The risk assessment standards, FIN 48, valuation standards, convergence, the rewriting and codification of auditing and accounting standards, ethics interpretations, and other changes impacting the accounting and auditing regulatory landscape are being driven by a number of factors. But when push comes to shove on implementation, the burden squarely falls on the companies that these rules apply to, and on CPA firms’ A&A practice group and A&A practitioners.

As I write this, it is reported that the FASB refused to delay implementation of FIN 48. The indication was, this type of disclosure was needed now despite the expressions of difficulty. Although there had been some success in delaying implementation of certain aspects of Sarbanes-Oxley, it is becoming increasing apparent that there will be very limited future success in delaying or even staggering a standard’s effective dates (based on the type of entity) because of the difficulty or expense of implementation.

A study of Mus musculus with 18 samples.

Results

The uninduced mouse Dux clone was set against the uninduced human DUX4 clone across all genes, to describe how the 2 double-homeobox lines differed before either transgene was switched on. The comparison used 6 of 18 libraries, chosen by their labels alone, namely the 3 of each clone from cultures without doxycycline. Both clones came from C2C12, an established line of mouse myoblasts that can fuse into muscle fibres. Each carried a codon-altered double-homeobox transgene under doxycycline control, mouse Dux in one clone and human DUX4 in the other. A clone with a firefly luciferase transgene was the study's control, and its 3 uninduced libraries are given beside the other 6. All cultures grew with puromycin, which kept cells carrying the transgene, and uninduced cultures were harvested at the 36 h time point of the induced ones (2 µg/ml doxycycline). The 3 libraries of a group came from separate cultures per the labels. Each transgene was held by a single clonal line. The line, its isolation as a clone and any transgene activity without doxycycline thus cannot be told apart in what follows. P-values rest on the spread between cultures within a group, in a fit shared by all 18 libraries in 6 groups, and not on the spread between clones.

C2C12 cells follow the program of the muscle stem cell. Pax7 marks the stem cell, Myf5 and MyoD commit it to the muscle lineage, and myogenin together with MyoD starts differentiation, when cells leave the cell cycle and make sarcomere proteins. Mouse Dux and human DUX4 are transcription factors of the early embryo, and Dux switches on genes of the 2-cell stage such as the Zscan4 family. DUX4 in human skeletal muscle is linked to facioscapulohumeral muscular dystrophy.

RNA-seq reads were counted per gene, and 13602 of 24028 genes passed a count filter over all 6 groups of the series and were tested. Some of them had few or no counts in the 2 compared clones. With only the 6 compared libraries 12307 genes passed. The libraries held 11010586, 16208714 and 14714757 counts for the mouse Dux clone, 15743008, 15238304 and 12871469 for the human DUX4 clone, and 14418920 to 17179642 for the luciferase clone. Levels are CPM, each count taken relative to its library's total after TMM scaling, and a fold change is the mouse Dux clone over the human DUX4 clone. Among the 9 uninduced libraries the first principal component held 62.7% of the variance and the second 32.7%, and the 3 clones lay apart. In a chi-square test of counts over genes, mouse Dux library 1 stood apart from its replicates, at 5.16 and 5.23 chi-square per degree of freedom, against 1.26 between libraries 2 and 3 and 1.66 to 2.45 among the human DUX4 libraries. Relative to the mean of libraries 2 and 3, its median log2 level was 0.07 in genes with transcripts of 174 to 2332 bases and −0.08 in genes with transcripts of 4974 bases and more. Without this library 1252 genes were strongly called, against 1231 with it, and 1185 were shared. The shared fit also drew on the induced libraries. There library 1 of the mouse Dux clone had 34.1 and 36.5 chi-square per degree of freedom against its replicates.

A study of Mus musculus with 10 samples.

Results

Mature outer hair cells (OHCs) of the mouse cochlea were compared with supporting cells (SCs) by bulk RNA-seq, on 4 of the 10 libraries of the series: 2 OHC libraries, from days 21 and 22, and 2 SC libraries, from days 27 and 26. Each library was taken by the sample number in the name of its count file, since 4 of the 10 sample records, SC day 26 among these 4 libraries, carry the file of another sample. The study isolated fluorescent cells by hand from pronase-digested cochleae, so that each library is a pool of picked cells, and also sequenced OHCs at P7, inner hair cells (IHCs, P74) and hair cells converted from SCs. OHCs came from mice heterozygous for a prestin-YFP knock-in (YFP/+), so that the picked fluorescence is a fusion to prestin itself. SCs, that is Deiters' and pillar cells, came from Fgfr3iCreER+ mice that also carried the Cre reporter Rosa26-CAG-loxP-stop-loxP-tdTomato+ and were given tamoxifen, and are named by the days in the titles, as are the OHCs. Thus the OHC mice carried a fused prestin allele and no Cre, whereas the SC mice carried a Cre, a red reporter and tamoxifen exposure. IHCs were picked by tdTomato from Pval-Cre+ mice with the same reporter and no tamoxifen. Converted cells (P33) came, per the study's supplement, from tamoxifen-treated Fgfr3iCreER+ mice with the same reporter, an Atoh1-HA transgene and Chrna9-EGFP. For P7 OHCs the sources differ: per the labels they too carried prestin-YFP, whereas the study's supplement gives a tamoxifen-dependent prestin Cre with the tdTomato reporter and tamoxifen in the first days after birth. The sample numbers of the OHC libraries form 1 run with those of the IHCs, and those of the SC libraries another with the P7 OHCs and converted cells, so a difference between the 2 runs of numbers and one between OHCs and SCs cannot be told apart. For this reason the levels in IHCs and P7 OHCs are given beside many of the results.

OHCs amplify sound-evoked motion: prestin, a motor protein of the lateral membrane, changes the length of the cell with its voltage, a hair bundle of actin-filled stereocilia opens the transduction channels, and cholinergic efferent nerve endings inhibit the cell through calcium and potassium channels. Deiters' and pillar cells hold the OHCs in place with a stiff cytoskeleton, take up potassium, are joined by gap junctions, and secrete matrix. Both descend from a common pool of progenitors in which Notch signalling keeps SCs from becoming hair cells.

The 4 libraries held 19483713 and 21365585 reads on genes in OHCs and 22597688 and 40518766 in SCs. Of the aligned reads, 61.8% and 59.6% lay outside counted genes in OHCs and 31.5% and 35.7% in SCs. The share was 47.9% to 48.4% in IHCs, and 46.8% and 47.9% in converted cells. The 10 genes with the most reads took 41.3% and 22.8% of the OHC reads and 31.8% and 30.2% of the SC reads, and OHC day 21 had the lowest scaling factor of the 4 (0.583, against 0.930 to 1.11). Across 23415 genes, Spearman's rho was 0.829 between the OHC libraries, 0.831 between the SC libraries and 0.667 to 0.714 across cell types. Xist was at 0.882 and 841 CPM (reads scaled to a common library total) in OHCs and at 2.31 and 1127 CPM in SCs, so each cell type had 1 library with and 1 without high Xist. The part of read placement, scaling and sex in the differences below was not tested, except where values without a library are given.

There are higher internal costs as a result of this flood of comprehensive reengineering of accounting and auditing standards, and accounting firms have to substantially modify their procedures as well as retrain their staff. Yes, it can add substantial revenue to the firm, whether in the form of higher fees or additional engagements. But on the flip side, some firms are not going after certain new engagements because of staffing shortages.

What I find missing somewhat in this flurry of accounting and auditing regulatory actions is sufficient consideration of the impact on smaller companies with limited resources for dealing with regulatory change overload. Although there is discussion of a special set of rules for financial reporting by private companies, that discussion seems to be off to the side. I believe that issue must be directly placed and debated in the context of the various accounting and regulatory changes being considered now.

Because of Sarbanes-Oxley and globalization, there is significant and increased attention to investors and third parties and their use and reliance on a company’s published financial information. Perhaps as a natural consequence, some companies and CPAs affected feel it is at the cost of their interests and concerns being adequately considered.